By Emily Pitts Donahoe, associate director of instructional support
The CETL workshop “Yes, And: Igniting Your Pedagogical Imagination” will be held on October 2 from 2:00-3:00 p.m. in the Butler Auditorium, Triplett Alumni Center. Register for the event here.
Have you ever attended a teaching workshop and thought, “That’s an interesting idea—but I don’t know how it would work in my class”? Have you ever wanted to get creative with your teaching but didn’t know where to start? Have you ever wanted to see your friends at CETL—Josh, Liz, Derek, and Emily—compete in a game-show-style contest to see who can come up with the most innovative application of a pedagogical technique? If so, this workshop is for you!
At CETL, we’ve found that one of the biggest barriers instructors face when they want to make changes to their teaching is that they aren’t always sure how general or abstract strategies might apply in their specific course contexts or how to translate a teaching strategy from a different discipline into their own field. Of course, CETL staff can make recommendations, but we also think helping instructors get creative with potential teaching applications will result in stronger and more authentic new practices for the instructors who want to implement them.
That’s how we hatched the idea for “Yes, And: Igniting Your Pedagogical Imagination.” It’s built on a concept we’re calling “pedagogical improv”: the ability to take a new teaching technique and play around with it, to get creative even when you don’t have a script for how, exactly, to implement the technique. Don’t worry—we won’t ask you to do any theatrical improvisation during the session! What we will do is model some improvisational strategies in teaching and then give you a chance to practice those strategies on your own—and perhaps even share strategies with folks from other disciplines.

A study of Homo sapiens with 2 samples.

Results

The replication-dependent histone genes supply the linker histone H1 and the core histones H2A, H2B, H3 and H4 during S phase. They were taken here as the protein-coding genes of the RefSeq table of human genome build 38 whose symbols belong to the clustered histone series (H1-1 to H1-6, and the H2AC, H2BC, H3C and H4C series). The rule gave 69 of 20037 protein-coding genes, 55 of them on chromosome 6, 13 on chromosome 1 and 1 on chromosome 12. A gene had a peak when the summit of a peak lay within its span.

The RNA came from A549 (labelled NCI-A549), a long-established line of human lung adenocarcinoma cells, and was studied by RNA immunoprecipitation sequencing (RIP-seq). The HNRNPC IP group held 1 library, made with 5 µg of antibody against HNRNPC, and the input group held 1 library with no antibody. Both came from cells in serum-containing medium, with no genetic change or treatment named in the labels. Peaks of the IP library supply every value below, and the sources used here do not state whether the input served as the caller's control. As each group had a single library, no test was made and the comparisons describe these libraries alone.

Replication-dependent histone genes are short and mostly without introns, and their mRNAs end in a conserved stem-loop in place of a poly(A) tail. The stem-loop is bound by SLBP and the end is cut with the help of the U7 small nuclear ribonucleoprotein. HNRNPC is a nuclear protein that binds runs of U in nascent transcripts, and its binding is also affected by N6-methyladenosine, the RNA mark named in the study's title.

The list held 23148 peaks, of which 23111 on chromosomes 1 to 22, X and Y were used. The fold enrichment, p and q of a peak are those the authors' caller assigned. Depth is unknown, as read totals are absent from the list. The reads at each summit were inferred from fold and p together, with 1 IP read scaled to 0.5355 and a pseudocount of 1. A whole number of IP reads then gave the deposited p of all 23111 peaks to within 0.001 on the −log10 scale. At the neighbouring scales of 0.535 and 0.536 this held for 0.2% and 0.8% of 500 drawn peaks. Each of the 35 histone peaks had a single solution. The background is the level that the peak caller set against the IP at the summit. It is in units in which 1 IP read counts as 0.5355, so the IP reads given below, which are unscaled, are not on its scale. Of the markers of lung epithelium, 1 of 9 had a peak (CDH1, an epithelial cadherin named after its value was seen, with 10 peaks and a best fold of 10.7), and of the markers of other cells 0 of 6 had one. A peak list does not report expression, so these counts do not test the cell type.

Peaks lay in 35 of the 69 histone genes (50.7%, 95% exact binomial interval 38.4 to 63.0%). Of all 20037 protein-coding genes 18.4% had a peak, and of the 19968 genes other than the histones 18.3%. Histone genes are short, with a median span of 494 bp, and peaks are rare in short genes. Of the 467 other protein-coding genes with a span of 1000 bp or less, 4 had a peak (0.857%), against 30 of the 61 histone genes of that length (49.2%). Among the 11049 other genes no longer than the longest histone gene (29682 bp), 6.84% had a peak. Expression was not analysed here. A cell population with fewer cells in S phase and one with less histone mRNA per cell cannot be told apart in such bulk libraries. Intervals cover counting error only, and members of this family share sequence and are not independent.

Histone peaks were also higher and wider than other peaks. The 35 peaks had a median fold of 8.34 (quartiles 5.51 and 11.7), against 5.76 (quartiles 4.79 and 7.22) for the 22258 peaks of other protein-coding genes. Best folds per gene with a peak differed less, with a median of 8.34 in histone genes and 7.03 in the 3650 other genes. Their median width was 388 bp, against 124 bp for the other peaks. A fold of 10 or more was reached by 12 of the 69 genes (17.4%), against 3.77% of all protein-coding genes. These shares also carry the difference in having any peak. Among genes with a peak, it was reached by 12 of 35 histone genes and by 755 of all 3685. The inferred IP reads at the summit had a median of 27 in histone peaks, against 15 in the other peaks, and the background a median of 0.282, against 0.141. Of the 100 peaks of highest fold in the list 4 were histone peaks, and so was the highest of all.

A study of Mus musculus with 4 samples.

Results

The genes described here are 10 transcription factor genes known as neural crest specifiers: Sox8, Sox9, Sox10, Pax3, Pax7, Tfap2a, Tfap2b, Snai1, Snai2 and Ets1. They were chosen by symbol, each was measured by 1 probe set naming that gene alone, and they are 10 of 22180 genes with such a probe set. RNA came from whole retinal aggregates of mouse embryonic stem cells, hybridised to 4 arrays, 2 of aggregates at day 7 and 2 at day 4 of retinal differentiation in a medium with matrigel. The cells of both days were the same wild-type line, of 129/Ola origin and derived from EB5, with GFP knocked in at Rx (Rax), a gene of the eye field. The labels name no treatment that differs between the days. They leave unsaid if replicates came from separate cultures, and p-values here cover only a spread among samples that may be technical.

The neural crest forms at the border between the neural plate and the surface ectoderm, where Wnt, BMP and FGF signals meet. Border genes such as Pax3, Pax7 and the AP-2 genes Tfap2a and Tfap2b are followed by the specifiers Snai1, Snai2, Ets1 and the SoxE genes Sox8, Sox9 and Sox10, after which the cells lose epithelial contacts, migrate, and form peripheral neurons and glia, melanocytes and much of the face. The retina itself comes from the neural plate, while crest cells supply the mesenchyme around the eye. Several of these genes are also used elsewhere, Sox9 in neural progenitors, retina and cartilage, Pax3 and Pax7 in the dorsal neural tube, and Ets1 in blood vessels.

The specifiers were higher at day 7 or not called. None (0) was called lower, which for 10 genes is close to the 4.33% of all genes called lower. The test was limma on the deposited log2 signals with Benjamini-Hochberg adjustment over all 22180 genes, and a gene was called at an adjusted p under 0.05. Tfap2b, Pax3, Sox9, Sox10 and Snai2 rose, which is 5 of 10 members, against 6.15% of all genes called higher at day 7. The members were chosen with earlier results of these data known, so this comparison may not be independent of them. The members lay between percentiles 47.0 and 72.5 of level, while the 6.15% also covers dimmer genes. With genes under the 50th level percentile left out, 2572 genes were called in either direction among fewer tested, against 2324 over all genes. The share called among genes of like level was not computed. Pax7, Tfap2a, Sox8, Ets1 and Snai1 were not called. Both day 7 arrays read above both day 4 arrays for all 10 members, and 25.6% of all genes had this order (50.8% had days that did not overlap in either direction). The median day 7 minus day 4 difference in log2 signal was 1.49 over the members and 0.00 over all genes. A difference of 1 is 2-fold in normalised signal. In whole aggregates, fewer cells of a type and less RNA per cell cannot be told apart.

Best of all, we’ll model the practice of pedagogical improv by asking CETL staff to compete in a game-show-style contest. I (Emily) will introduce a general teaching technique. And then our distinguished cross-disciplinary panel—Josh in humanities, Liz in social sciences, and Derek in STEM—will have 5 minutes to generate a plan for how they would employ the technique in their courses. The person who proposes the most creative application of the technique, as determined by our audience, will win the prize (i.e., bragging rights, in perpetuity, at all future CETL staff meetings).
After our competition, you’ll have a chance to play too. We’ll pass around a hat full of teaching techniques, and each participant will draw one. You’ll have a few minutes to brainstorm about how you might implement the technique you’ve drawn in your class—keeping in mind that some of the best ideas come from creative play. And you’ll have the opportunity to discuss your ideas with us and with other attendees.
If you’d like to gain new teaching techniques, learn from instructors in other disciplines, and flex your creative muscles, we hope you’ll register to join us for this original workshop session!